I wasn’t really sure why we were going to Chicago. The folks who invited us had been deliberately vague. I didn’t complain. After all, they were picking up the tab — a little over 24 hours in the Windy City, all expenses paid.
Who Was We?
So, who was “we?” Twenty-one house church people, presumably leaders in a movement of such churches. We had been invited by some mystery men with the help of a national house church organization. The reason wouldn’t become clear until we got there.
My reason for going was to make contact with other relational church types. I hadn’t been involved outside of the Northwest for over ten years. I thought it was about time to see what the Lord might be doing in “outta-da-box” churches from other parts of the country.
Previously, when I had hob-nobbed with simple church types, things seemed to be moving toward a formal initiative, complete with conferences, resources, talking points and spokespersons who could be “the voice of the movement.” That’s when I opted out. Unattractive as it might sound, I prefer to be “grassroots.” I could see a crop of house church celebrities springing up and I wasn’t interested. This gathering, on the other hand, sounded like a debrief session. That interested me. I wondered if things were different now. I wanted to see what organic churches were doing in other parts of the country.
Meeting ‘n Greeting
Once in Chicago, I met a lot of cool people. There were folks from Florida, Virginia, Canada California. You get the picture, twenty-some people from all over the place. They were from all over the house church map, too. That became clear as we started hearing one another’s story. Some were just getting started. Others had been going awhile. We, The Summit Fellowships, appeared to have been around the longest (twenty-four years…can you believe it?) Still others were doing house churches less out of conviction than for strategic reasons—this way of churching may be a good way to become a “real church” someday. Like I said: All over the map.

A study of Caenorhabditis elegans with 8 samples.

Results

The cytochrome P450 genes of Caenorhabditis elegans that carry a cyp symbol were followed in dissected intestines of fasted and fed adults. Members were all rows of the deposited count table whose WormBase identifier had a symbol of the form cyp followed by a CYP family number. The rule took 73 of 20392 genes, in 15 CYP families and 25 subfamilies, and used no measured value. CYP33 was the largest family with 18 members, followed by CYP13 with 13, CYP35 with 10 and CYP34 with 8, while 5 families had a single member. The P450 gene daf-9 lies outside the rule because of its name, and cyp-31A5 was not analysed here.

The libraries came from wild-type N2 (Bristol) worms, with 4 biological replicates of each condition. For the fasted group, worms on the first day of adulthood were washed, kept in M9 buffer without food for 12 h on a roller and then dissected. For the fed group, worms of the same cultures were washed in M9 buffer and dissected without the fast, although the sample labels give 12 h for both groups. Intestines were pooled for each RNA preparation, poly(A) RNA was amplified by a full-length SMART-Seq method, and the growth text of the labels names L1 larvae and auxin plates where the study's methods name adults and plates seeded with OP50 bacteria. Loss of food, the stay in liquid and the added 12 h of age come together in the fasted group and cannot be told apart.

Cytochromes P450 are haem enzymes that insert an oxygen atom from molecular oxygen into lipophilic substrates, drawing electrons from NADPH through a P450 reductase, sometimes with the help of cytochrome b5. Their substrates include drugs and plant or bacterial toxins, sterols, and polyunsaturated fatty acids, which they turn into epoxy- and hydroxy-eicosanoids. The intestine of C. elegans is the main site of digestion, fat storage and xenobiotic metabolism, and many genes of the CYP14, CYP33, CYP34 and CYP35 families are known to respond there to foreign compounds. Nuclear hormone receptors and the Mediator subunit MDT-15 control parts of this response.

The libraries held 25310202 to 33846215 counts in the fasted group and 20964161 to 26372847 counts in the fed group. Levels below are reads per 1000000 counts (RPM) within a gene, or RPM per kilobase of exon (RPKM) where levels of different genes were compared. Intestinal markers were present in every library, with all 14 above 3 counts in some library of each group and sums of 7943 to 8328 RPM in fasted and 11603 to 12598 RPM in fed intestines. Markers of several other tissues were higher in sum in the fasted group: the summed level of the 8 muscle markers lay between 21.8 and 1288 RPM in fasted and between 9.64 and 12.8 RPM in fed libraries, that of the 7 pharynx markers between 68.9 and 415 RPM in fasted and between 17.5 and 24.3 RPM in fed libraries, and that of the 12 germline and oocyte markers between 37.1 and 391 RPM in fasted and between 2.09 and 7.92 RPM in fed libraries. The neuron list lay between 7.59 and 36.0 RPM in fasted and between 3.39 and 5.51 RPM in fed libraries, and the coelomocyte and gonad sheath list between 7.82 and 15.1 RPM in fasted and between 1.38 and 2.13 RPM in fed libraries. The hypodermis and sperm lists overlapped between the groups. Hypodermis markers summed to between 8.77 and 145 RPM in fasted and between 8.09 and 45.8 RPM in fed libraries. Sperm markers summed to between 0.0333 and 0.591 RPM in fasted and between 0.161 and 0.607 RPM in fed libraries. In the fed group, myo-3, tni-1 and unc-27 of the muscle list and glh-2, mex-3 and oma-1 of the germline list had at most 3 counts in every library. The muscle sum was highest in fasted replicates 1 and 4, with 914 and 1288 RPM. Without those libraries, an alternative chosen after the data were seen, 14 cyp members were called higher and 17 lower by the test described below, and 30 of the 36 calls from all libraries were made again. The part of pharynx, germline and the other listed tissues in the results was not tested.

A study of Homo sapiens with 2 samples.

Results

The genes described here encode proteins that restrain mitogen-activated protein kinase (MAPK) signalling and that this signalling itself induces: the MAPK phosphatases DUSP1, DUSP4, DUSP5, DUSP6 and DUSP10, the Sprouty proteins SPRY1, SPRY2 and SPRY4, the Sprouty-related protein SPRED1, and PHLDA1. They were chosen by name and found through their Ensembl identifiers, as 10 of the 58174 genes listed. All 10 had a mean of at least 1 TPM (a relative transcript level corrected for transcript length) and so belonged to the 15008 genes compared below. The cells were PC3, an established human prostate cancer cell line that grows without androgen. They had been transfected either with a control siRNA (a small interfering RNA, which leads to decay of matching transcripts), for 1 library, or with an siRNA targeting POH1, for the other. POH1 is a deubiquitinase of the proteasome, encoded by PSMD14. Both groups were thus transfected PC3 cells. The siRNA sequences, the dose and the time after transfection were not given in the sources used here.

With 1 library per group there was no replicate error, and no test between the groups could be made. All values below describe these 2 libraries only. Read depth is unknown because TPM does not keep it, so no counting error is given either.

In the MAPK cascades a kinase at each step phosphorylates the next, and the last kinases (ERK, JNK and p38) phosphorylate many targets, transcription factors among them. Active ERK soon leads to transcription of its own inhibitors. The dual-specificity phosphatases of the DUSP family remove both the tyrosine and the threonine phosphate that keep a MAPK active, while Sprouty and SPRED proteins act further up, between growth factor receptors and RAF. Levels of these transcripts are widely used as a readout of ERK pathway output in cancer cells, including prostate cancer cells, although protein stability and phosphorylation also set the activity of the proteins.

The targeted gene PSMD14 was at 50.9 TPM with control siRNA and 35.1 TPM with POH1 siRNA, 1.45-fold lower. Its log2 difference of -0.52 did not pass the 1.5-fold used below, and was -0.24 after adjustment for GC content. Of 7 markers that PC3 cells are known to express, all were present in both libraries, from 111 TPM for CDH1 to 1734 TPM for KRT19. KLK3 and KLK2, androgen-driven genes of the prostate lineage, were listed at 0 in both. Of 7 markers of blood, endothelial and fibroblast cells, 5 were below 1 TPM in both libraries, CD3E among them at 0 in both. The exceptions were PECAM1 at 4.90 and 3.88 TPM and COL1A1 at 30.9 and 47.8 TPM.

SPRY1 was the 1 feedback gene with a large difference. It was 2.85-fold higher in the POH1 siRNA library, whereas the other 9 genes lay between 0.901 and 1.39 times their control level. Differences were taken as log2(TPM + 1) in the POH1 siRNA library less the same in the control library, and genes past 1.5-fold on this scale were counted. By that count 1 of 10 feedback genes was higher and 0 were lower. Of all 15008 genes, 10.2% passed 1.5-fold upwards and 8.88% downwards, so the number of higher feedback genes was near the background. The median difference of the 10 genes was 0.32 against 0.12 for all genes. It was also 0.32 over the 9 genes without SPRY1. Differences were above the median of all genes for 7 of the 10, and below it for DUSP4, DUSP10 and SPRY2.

The evening of our arrival, we gathered to share our experiences as house churchers. As the meeting progressed, I began to notice something: Our hosts came from a revealing mix of experiences. Two or three had experience with the Christian publishing industry. Two had been staffers at a well known mega-church. There was a movie producer, a pollster and a woman with experience in broadcasting. None, that I could tell, were a part of a house church. Furthermore, our group was one of three that would be guests of the team. The day before we arrived, there was a group of influential Christian women. Following us, were leaders from “brick and mortar” churches.
Clearly, there was more going on than a meet-‘n-greet for house church people.
The Hits Keep Rolling
So, what was I doing there? Why were the other simple church practitioners there? In a word: numbers.
In 2005, pollster George Barna wrote an unpopular book called, Revolution. I say, “unpopular” because it made the assertion that some 20 million people in the country had bailed out of traditional churches and were doing quite nicely as “free-range Christians.” Anyone content with the status quo was unhappy with Barna’s conclusions. Christianity Today found it, shall we say, unsettling. Still, that’s a lot of wandering sheep. And apparently, it is assumed, quite a few of them wandered into the “house church movement.”
The other winner in the numbers game appears to be the Internet. It was noted that one website devoted to house churches routinely received 3000-6000 unique hits per week. That translates into a fair amount of interest in non-traditional church. And it translates into something else: A significant market segment
Suddenly, I figured out why we were there. We have been noticed. They know we are here. We are a market. That means we are no longer seen as a marginalized bunch of wounded malcontents without relevance to the work of the Kingdom. We are gaining legitimacy with the passage of time. On the other hand, it means we are numerous enough to be a source of revenue; a potential target for the sale of goods and services.
So, is this a good thing or a bad thing? Maybe it’s just “a thing.” I’ll keep pondering this and get back to you…
Next: They are coming for us…
3 thoughts on “They Know We Are Here…”
It is good to hear that you are being noticed, as you are one of a few groups who are living out the model that many books are being written about.
I also am concerned about the commercialization of the message. Already, mailing lists are being purchased for this very purpose of getting a target audience for the sale of goods and services.
Thanks, Dan. I’ve been doing some more thinking about this which I’ll post in the next few days. I guess the big question for me is whether marketing of Christian stuff is always bad. One thing I know: a lot of us house church folk have been disturbed by the culture of capitalism in the church world. It’s one of the reasons we stepped away from the traditional church system.